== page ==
Teachers, Are You Willing to Accept the Problem?

blog post image of 3 little girls- an African American girl, White girl, and Asian girl- all hugging and smiling brightly.

I am writing this post at a time when there is so much passion and fire in the world. Through the sorrow and turmoil, much beautiful change and advancements. There is no way around the conversations that are happening. There is no way around the occurrences that are happening. People are hurting. People are angry. People are tired.

We are also driven and determined to create a world that we are all safe to live in, feel seen and heard, loved and cared for, and have plenty of opportunities in every avenue that life holds. We are looking to be seen, heard, valued, loved, needed, forgiven, supported. We’re yearning for acceptance, fair opportunities, respect from one human being to another human being, and equality.

We have been moved to action! It is so beautiful to behold!!

My Instagram Plans Derailed

This is a post that I shared to my Instagram feed. The backstory is that the caption that I am actually going to share below was a struggle. It wasn’t a struggle to write- the words flowed, but I kept having setback after setback while trying to create it and then Planoly wouldn’t save it. That’s one of those moments when you just have to know “when to say when”.

So, thinking that I would outsmart the system, I copied and pasted what I had planned to share in Notes on my Mac and scheduled just the graphic via Planoly (not an add). I was like, “I’ll post the picture and then paste the caption as soon as the picture goes live on my feed”. That’s what I told myself. Ha ha!

Needless to say, I fell asleep and didn’t wake up until almost 2 hours after the post went live. Okay, God, I know that there is meaning behind this. I am listening to You. So, if you don’t mind, I will share what was on my heart with you below. This may be the right place. Now may be the right time. As always, this was created and shared with love and respect.

This quote speaks volumes and is so timely.  It’s actually a quote that was shared by Todd Herman during a Monday Meet Up within the Rise Up World Challenge with Pete Vargas, III. It wasn’t a part of our usual conversations, per se, but it was much needed during this time of magnified social injustice. These words just shook me to my core and I scrambled to write down what Mr. Herman shared. Just Powerful!

I Accept That We Have a Problem

The fever that we are feeling today can be directly related to the state that our country is in.  Undoubtedly, there is no longer room for us to deny that we have a problem with racism, and injustice in this country. There is unrest. It has been bubbling under the surface for hundreds of years. I have this problem. I accept that there is a problem. I have experienced this problem. I am the change to/towards this problem.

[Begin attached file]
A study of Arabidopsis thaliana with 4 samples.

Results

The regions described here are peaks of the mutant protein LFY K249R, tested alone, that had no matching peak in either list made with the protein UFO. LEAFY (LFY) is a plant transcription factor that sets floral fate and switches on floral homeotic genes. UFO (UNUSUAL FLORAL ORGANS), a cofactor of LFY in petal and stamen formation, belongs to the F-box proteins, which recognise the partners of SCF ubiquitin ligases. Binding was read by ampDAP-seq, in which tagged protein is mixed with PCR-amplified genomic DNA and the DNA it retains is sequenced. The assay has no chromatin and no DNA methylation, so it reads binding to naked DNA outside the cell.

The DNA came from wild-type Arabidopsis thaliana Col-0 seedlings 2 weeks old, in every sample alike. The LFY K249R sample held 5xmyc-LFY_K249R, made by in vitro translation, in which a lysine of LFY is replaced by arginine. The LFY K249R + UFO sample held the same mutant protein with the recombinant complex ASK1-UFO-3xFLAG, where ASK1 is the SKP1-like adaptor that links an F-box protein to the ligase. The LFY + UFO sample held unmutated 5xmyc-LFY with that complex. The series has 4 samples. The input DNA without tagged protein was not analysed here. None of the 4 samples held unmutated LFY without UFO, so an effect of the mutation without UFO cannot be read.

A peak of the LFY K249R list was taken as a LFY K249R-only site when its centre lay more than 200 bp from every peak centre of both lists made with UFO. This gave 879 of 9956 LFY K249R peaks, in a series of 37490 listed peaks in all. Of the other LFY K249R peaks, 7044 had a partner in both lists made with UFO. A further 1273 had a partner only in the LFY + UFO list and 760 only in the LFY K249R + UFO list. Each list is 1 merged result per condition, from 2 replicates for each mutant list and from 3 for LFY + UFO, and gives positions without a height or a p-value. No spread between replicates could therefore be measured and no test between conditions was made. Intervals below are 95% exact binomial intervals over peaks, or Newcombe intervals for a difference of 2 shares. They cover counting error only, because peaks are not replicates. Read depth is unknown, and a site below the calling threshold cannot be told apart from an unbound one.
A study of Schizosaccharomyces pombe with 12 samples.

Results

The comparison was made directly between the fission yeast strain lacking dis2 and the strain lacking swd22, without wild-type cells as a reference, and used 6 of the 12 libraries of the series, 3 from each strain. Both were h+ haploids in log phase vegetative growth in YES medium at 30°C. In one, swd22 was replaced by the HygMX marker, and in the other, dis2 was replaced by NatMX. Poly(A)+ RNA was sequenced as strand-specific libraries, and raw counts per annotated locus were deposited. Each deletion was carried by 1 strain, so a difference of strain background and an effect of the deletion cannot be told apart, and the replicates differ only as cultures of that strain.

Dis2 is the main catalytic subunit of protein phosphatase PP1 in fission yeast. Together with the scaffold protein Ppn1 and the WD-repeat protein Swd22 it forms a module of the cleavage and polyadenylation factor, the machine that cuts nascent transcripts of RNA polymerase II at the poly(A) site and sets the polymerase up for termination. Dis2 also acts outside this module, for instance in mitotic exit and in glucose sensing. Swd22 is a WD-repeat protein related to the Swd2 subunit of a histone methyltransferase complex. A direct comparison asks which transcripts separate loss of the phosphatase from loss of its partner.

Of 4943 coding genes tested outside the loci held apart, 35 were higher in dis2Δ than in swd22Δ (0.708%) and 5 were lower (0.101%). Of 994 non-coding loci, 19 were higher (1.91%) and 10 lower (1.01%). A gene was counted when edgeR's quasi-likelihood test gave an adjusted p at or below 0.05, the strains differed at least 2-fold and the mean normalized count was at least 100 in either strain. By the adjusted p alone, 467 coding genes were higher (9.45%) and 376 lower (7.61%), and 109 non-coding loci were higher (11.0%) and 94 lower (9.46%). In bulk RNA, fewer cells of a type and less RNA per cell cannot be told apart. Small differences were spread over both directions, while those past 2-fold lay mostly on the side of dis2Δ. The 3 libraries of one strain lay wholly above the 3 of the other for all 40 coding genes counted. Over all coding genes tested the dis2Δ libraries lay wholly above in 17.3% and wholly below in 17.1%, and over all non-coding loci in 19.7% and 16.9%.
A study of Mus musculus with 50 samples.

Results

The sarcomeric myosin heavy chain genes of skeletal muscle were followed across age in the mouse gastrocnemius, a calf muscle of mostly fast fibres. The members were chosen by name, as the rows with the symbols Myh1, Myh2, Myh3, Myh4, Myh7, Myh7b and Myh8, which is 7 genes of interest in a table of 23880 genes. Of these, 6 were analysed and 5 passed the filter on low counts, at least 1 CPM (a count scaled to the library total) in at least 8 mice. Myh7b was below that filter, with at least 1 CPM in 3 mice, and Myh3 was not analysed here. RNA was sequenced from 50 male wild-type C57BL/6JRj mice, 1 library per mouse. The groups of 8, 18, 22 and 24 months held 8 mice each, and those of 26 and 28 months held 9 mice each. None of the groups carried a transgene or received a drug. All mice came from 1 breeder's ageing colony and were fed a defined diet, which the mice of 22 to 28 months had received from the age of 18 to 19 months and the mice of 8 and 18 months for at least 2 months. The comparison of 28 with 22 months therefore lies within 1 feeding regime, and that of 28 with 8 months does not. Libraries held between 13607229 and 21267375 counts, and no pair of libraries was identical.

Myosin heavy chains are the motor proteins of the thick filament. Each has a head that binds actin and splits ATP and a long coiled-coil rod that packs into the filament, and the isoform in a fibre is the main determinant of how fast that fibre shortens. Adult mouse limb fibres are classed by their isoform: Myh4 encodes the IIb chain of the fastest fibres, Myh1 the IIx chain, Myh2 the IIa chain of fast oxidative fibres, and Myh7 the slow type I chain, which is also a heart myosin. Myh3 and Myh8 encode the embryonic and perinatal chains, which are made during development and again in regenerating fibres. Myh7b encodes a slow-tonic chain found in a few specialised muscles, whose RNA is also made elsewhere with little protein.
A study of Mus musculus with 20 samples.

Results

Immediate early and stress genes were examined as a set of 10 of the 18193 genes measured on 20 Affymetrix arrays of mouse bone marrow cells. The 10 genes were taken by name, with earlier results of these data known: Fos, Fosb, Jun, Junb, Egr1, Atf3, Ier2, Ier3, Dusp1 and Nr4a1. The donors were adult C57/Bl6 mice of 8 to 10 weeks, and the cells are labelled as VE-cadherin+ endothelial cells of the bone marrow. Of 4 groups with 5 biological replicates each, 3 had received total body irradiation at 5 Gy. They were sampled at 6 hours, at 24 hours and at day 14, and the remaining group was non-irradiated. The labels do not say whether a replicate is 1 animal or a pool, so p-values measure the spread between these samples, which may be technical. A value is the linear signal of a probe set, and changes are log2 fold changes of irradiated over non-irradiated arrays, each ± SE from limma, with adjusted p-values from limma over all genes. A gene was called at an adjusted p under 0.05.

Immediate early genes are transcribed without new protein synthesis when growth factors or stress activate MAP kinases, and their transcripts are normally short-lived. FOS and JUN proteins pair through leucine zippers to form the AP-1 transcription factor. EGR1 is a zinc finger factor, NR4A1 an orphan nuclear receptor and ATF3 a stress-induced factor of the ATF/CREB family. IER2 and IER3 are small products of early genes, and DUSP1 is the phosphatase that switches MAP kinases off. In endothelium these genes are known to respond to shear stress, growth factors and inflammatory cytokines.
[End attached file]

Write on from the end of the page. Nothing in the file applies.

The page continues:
A Few Reflexive Questions

If we are willing to accept and have this problem, here are just a handful of driving questions that we can ask ourselves as educators at this time:

Why have African American children been overlooked in the educational setting?

Why do African American children (especially males) get more office referrals, suspensions, and expulsions than their White counterparts?

Why are there disparities in technology and resources from county to county and/or state to state?

Why isn’t Black History a “must teach” in every school system and across the country? Why is allowed to be optional for some? Why are parents in some areas allowed to threaten teachers and principals that do try to teach this subject?

Why have I been mispronouncing that student’s name all year? Why wasn’t it important enough for me to learn correctly?

Why didn’t I decorate my door or hallway to celebrate _______________ (insert culture here) History Month?

Why didn’t I speak up/out about racism and social injustices and disparities before?

Why am I offended when someone states Black Lives Matter (if applicable)? Does that statement harm you or take away from you in any way? I have never been able to understand that.

This post from Flapjack Education Resources sums it up so beautifully and poignantly.

Why is systemic racism alive and well in 2020? It’s two thousand twenty!

We Fell Short

WE have not been willing to acknowledge that the problem existed. 

WE have looked the other way and pretended that there wasn’t a problem. 

WE have looked the other way and waited for somebody else to step up and help “those other students”. 

WE have failed. 

WE have not truly been a land that allows all men to be created equal. 

WE need to change.

Teachers, We Can Make ALL the Difference

Can these problems be solved?  If you are willing to accept and acknowledge them and to willingly put yourself in someone else’s shoes, it is absolutely doable!  It’s time to roll up our sleeves and make the changes in our educational system that are needed.




It begins with you and me!  


We teach our students the information that they need to learn.  We teach our students the true history of our country.  We teach them their role as citizens.  We teach them about their history and culture.  We teach them in ways that they are able to receive the information that we share or lead them to.  


What are you willing to give up?

How uncomfortable are you willing to get?

How many friends are you okay with losing?  

How many more worthy friends are you desiring to gain?

How many children’s lives do you want to enrich?

They will be ever grateful!  Their lives will be ever changed! 

Let’s leave a legacy of diversity, acceptance, compassion, and inclusion that we can be proud of!




Hi, I'm Tania!

I help creative and time-conscious teachers plan student-centered lessons that interest and motivate student learning so that lesson planning takes less time and is actually enjoyable! 

Learn more about me and how I can help you here.